The Importance of "I Don't Know"

Identifying humility in interviews.

When interviewing people, one of the biggest things I’m looking for is someone to say the words “I don’t know.” It doesn’t have to be that exact phrase, but it should be something similar, “I’d have to do some more research,” or, “I’m not sure but I’ll look further into it.” It doesn’t necessarily have to be the person being interviewed, it could even be who is actually conducting the interview.

When the interview starts, I will ask the candidate what are they 3-5 things they would call their biggest strengths from a technical perspective. From those, I typically will choose topics that I have a mastery in. I want to be able to dig as deep as possible in these areas. I’ll ask them to discuss a time that they ran into a problem with that technology. Then I’ll let the conversation go back and forth as much as possible until one of us says I don’t know or something similar.

Ideally, I’m looking for the candidate to say I don’t know. If they are able to do so, it shows me that they are comfortable recognizing and acknowledging to others that they don’t know something – particularly in an area that they see as one of their biggest strengths. That there knowledge does have limitations and that they don’t know it all. In the job, and in general, this will allow them to identify limits and gaps in their knowledge and be comfortable with having them. They can then go and bridge the gap or expand the limit using research of practice. In contrast, people may get defensive by making things up or maybe suggesting alternative methods and approaches. Making things up is obviously bad and can cause long term pain should a project move forward with incorrect assumptions. Suggesting alternatives can be fine; however, if they’ve identified their limits or a gap, don’t be afraid to say so and look further into it to make sure their suggestions are considering all the information and are rock solid. Don’t allow your ego to make your life more difficult, or spout factually incorrect information. As a technical consultant, that should be considered a cardinal sin.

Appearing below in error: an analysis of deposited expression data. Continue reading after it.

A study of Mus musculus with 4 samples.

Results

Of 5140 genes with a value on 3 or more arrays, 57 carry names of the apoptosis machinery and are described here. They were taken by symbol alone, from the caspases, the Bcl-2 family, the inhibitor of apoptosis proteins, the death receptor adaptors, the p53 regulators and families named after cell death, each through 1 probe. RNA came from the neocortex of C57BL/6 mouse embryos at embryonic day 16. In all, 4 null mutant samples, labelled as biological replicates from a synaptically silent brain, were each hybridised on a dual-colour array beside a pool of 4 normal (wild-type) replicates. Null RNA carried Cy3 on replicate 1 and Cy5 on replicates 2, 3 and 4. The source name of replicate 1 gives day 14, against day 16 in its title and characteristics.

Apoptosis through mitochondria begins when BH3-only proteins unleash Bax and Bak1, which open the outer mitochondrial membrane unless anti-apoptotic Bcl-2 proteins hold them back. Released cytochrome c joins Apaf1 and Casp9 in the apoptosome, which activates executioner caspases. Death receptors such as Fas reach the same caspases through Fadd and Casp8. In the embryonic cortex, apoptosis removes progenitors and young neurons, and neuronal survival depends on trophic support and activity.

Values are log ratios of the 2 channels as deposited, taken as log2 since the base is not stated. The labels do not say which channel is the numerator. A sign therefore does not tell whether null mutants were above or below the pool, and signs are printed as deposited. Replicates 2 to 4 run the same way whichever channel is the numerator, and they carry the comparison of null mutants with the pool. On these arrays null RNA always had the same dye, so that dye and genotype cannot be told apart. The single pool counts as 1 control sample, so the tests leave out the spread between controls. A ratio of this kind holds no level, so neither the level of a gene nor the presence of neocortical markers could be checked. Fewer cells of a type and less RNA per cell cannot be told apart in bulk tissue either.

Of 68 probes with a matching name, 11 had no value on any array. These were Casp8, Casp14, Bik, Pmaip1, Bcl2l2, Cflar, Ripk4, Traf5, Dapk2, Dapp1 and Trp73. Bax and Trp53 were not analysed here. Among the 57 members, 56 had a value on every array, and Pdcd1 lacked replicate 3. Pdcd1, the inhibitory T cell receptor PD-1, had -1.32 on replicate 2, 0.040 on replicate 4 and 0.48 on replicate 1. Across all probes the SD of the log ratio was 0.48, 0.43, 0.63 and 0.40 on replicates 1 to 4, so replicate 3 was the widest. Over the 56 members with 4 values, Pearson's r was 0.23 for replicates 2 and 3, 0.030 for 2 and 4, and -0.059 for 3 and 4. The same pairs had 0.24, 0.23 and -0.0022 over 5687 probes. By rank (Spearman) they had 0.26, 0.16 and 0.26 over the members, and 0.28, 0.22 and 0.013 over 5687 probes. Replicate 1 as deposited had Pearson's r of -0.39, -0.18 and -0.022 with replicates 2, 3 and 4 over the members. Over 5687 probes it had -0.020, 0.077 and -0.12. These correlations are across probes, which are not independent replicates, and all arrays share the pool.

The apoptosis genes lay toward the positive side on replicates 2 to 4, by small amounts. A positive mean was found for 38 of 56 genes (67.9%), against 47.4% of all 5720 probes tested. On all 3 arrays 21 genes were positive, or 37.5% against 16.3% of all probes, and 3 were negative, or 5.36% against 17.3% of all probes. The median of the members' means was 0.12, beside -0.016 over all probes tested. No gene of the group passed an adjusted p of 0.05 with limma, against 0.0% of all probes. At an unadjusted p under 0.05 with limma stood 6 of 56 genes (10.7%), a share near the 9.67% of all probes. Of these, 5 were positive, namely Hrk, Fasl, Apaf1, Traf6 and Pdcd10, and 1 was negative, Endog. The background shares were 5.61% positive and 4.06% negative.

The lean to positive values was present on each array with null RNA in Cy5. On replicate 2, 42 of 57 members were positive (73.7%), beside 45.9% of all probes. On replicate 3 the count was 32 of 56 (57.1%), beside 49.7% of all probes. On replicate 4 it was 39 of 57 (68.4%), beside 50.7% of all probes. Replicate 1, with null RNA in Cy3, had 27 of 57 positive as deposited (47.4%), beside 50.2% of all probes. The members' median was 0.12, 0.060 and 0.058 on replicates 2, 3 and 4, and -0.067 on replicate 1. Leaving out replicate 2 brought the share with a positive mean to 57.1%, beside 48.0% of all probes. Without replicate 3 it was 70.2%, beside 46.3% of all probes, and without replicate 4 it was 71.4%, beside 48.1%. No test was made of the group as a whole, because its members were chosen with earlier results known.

Depending on the level of position I’m hiring for, when they say that they don’t know could be good or bad. If I’m looking for someone to fill a senior position and they’re saying “I’m not sure” early on in the conversation, and they consider that one of their strengths, then they may not be the person I’m looking for. However, if I’m looking for a more junior position, they could be the perfect fit. I’ll typically use a few of the strengths that candidate using this technique and measure where those skills lie in proficiency.

To close, I’ll often take a topic that wasn’t listed as a strength, but they may know something about, or that they know nothing about but has parallels to things that they are familiar with. This is to see how exactly they approach talking about and analyzing things that they don’t have mastery over. In technology, a lot of things relate or share concepts of fundamental ideas. I want to watch how they process this new information, and how they approach understanding things on a whim when they don’t have a pre-existing expertise. I also want to see how they act and perform when their confidence may be lower.

Of course, the person could always know more than I do and push me to the limits of knowledge and expertise. In that case, it showcases a level of mastery that would obviously be of use to me and functional in the team. It also has the added benefit of learning something new.